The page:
School of Divinity
Links to helpful resources for staring work in Divinity sub-disciplines
Going further - searching for resources
3 key tools to help you track down information
English translation, Hebrew Bible and Greek New Testament
How to cite references in Divinity assignments
Online reading Lists for Divinity
The translation recommended by the School of Divinity is the New Revised Standard Version (NRSV).
- Print copies are in St Mary's College Library at BS195.N48F95
- Online versions are also available, e.g. at BibleGateway
Hebrew Bible texts
- Hebrew Interlinear Bible (online)
- Biblia Hebraica Stuttgartensia (BHS) various editions, e.g. BS15.F78 / BS715.E6F67
- Biblia Hebraica Quinta (BHQ) BS715.B5 (NB: In preparation)
- (English translation) The Jewish Study Bible [NJV/JPS version] BS895.J4F99G14
Greek New Testament texts
- SBL Greek New Testament (online)
- Nestle & Aland, Novum Testamentum graece, 28th ed BS1965.G12
- Aland et al. [United Bible Societies] Greek New Testament, 4th rev ed BS1965.A6
- Novum Testamentum Graecum Editio Critica Maior - NB only the volumes for Acts 1-14 and Catholic Epistles have been published to date (other vols in preparation)
New books on religion in the Library
If you're starting study on a topic and are looking for a quick way into the subject, the links below provide a few suggestions for good places to begin.
Going further - Searching for resources
These are the most useful search tools for finding Divinity resources in the library or on the Web.
Atla Religion Database (Atla RDB) contains details of a million+ journal articles, book reviews and essays on Theology and Biblical Studies, and links directly to the full text of a large number of these. (See our guide to searching Atla RDB.)
- also for Biblical Studies resources:
Old Testament Abstracts Online and New Testament Abstracts Online are two databases providing abstracts (i.e. short summaries) for articles in journals for Biblical Studies and related disciplines. In many cases they also link to the full text of the articles. (See our brief guide to using the databases.)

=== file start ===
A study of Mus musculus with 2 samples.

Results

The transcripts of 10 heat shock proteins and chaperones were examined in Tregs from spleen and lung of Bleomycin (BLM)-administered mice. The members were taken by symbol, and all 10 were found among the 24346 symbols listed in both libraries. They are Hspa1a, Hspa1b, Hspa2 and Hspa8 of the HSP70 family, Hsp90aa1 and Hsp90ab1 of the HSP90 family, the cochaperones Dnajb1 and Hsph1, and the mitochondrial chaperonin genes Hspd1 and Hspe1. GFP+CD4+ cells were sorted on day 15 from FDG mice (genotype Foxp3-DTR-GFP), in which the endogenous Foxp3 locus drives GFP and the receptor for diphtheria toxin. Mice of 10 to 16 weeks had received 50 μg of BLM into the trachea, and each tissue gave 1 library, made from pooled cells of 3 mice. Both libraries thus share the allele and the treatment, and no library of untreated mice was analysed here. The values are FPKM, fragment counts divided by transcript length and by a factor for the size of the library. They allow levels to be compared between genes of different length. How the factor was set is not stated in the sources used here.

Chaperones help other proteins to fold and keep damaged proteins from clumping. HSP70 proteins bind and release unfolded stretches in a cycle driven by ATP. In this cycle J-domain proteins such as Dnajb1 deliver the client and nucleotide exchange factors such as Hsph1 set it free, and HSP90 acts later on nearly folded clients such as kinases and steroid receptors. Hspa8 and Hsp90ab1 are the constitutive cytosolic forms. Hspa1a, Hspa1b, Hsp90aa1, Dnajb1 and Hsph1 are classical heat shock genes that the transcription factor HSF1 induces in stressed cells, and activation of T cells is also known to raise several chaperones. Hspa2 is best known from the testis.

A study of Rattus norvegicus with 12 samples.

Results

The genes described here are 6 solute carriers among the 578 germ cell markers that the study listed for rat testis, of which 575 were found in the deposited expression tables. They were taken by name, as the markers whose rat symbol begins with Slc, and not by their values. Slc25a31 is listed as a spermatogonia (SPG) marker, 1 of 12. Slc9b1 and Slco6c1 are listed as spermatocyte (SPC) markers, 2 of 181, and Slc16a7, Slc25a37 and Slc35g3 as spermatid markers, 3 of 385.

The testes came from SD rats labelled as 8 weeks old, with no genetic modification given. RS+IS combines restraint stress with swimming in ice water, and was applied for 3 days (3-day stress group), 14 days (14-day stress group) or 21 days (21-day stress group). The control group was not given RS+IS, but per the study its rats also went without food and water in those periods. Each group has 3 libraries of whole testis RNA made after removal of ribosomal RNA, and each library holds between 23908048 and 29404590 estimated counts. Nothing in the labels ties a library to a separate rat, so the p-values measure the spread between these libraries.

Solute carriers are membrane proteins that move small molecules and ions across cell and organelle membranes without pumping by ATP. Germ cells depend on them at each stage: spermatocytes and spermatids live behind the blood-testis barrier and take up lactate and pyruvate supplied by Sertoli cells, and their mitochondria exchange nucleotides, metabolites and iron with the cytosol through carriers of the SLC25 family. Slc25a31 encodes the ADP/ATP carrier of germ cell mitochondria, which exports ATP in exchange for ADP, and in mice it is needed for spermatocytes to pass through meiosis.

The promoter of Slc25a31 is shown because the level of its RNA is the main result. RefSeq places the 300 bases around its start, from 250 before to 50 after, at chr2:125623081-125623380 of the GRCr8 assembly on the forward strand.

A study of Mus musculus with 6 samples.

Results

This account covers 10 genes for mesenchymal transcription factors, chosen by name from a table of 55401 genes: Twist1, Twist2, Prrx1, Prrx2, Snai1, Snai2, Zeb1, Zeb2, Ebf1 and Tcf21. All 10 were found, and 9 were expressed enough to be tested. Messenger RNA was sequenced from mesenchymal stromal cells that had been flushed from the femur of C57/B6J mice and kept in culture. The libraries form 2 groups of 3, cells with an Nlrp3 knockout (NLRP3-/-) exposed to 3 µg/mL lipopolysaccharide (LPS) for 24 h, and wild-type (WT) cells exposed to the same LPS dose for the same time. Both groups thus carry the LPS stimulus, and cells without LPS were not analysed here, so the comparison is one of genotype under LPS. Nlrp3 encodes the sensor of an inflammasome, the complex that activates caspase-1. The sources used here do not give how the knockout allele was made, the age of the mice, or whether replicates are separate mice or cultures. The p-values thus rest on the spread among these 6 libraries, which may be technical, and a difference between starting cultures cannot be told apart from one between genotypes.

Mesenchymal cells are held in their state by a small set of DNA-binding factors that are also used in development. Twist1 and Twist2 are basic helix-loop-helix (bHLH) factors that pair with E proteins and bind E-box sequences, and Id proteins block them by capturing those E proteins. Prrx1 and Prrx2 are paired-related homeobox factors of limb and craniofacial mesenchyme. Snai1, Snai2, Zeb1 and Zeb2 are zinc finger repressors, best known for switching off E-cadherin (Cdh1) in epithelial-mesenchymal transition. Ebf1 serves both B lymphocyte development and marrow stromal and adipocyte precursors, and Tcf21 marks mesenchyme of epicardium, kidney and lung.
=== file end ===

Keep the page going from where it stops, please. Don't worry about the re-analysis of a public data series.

It's standard practice to ensure that all sources of information used in a piece of writing are acknowledged by citing them in the text and listing the references at the end of the work. Each reference should include enough information for the reader of the work to identify and find the material to which you have referred.
There are two main styles of referencing used for Divinity assignments and research:
1. Chicago citation style
The School of Divinity requires that all coursework submitted for assessment is formatted according to the Chicago Manual of Style.
Library guide | Quick guide | Online version | Print version
[Note: The Chicago Manual of Style allows for references to be formatted as either “notes and bibliography” or “author-date”. You should use the “notes and bibliography” format in assignments except where your module coordinator explicitly requires “author-date”.]
2. SBL citation style
The Society of Biblical Literature (SBL) has developed a variant of the Chicago citation style specially tailored for work in Biblical Studies. This is outlined in their style guide, The SBL Handbook of Style (2nd ed., 2014).
e-book | Print version | Student supplement (includes guidelines for formatting citations and bibliographies for essays and dissertations)
Reference management software
Bibliographic management software allows you to create a bibliography and footnotes in a preferred citation style by importing references from text files or online databases. See our guide for more information.